What is starch? Is it that thing in French fries? Well, actually, it is. The kind of starching used for laundering your work shirts is the powdered form of the complex carbohydrate found in vegetables like potatoes and corn. And like those French fries that could eventually harden your arteries, laundry starch is used to stiffen fabrics.
Why bother with a stiff shirt? You don’t iron, right? Starching in dress shirts helps control wrinkles when you put the dress shirt on. Linen (a cotton generally laundered without starch) wrinkles up the second you put it on and move. The cotton dress shirt is the most universal item of mens clothing. But even crisply ironed cotton dress shirts can look unkempt minutes after you’ve put them on — especially during summer heat. When you request that your dry cleaners use a light starch on that same shirt, the result is a longer-lasting just-ironed look. Very Sharp.
Don’t overdo it. Too much starch can leave spots or a slick finish, especially in darker colored fabrics. If your dress shirt isn’t 100% cotton (read: cheap blend), or if it’s a more delicate fabric (read: expensive), starch may cause damage. The most common problem is that starch actually builds up in the professional laundry machines, which sometimes leads to this shiny, cardboard-like look. This can also lead to the disintegration of fibers, resulting in shirts that tear and wear out faster (not my Zenga!!!). Make a point of finding a high-end cleaner to protect your investment (or at least avoid having to buy new work shirts).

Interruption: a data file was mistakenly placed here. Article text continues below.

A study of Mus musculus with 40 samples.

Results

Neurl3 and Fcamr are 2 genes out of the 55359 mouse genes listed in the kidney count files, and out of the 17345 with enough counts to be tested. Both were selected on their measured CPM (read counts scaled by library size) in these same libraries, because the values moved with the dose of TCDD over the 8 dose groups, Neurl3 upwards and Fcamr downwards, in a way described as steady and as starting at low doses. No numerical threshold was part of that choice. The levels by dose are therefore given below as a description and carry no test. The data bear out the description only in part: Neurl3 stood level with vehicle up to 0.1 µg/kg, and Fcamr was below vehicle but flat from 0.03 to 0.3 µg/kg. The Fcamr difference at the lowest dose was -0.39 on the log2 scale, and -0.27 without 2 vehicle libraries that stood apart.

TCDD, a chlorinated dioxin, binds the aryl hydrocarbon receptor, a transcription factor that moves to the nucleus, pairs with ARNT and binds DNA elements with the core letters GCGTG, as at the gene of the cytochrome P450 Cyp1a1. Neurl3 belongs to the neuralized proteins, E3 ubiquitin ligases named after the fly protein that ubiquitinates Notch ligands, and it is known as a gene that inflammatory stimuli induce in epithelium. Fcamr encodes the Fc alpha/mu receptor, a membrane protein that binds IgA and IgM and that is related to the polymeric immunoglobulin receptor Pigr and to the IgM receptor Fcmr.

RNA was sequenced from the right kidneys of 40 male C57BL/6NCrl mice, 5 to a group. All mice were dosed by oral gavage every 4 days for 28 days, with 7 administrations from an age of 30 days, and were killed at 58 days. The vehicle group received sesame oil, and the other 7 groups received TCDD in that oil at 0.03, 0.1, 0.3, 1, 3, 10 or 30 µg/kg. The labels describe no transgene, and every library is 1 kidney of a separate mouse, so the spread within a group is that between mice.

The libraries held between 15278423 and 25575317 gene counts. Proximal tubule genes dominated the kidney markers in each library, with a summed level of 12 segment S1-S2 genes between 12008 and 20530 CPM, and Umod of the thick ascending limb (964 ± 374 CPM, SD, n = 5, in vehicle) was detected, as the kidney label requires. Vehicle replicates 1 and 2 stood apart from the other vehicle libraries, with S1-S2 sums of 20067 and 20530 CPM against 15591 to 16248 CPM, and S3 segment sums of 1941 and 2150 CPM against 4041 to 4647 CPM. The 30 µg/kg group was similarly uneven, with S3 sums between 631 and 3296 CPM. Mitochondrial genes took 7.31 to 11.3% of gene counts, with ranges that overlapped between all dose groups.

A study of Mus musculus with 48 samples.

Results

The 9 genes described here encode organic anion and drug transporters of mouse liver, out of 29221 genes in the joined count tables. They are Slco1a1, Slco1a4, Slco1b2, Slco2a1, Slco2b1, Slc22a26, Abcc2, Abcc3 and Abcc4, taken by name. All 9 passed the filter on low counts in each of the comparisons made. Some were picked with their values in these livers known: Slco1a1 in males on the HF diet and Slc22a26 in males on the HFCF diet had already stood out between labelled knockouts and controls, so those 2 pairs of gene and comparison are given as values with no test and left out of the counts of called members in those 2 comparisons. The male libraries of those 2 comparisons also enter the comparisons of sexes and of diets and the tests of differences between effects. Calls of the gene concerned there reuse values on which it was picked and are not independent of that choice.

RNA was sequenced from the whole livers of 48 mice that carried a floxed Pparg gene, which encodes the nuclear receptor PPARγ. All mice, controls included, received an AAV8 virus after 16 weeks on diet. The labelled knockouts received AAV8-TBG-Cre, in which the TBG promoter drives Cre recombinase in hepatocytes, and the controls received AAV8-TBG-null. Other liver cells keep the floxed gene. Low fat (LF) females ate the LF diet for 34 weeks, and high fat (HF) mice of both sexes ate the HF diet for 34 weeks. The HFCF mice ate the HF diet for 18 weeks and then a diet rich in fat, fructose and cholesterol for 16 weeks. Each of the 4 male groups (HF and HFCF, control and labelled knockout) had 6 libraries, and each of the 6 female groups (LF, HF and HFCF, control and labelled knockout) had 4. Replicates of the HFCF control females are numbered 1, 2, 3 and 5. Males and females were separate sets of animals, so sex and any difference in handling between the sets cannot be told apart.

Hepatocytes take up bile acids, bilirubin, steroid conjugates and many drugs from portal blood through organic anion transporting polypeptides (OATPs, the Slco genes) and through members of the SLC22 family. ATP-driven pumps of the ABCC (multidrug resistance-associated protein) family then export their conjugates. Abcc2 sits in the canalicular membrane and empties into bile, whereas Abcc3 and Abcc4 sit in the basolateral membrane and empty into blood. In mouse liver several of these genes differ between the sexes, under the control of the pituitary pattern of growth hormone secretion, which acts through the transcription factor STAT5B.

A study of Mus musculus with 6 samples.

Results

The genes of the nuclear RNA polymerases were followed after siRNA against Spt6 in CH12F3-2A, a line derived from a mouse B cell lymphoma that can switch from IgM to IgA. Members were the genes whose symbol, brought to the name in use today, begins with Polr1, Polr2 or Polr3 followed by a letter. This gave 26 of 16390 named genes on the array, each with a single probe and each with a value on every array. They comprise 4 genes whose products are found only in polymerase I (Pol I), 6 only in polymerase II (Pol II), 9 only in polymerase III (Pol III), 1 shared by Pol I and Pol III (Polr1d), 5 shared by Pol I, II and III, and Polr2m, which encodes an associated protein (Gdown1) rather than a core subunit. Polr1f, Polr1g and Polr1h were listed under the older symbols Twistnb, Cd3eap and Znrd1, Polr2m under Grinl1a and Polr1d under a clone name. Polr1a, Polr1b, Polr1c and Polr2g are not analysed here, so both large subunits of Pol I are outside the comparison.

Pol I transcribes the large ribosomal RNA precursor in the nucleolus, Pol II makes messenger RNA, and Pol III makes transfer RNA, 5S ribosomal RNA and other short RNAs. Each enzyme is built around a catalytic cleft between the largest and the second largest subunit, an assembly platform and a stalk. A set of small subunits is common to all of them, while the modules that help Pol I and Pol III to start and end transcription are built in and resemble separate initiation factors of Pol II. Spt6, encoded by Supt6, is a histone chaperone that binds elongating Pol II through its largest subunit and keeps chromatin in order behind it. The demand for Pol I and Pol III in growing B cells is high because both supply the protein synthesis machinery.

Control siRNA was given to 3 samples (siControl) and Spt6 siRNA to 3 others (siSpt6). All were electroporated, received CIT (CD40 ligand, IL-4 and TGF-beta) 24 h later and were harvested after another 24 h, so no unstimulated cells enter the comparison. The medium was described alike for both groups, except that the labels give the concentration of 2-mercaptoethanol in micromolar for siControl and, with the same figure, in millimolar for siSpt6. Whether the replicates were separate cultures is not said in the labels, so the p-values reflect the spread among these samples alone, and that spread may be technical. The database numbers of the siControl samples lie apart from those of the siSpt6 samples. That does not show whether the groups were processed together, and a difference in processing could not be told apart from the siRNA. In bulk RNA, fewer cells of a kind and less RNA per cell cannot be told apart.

What else can you do? Check out these tips for starching like a pro:
Don’t starch all of your clothes. Linen clothing, mens dress shirts, and blue jeans are some of the few that can be starched regularly.
But, if you like the finished look of starch, have your cotton shirts lightly starched every other time you take them to the cleaners (or only during the summer, when your clothes are likely to look wrinkled sooner).
Don’t starch your dress shirts at all if you have a tendency to remove clothing, roll it up and stuff it under the bed — if these lightweight shirts are starched, you’ll have to launder them again to get the wrinkles out — and this won’t be easy. Instead, hang your starched dress shirts between wearings.
Same goes for suitcases; don’t starch your stuff before folding it up for business travel — the creases will show when you put the dress shirt on. Instead, have the dry cleaners launder the dress shirt without starch and then box (fold) it for easy travel.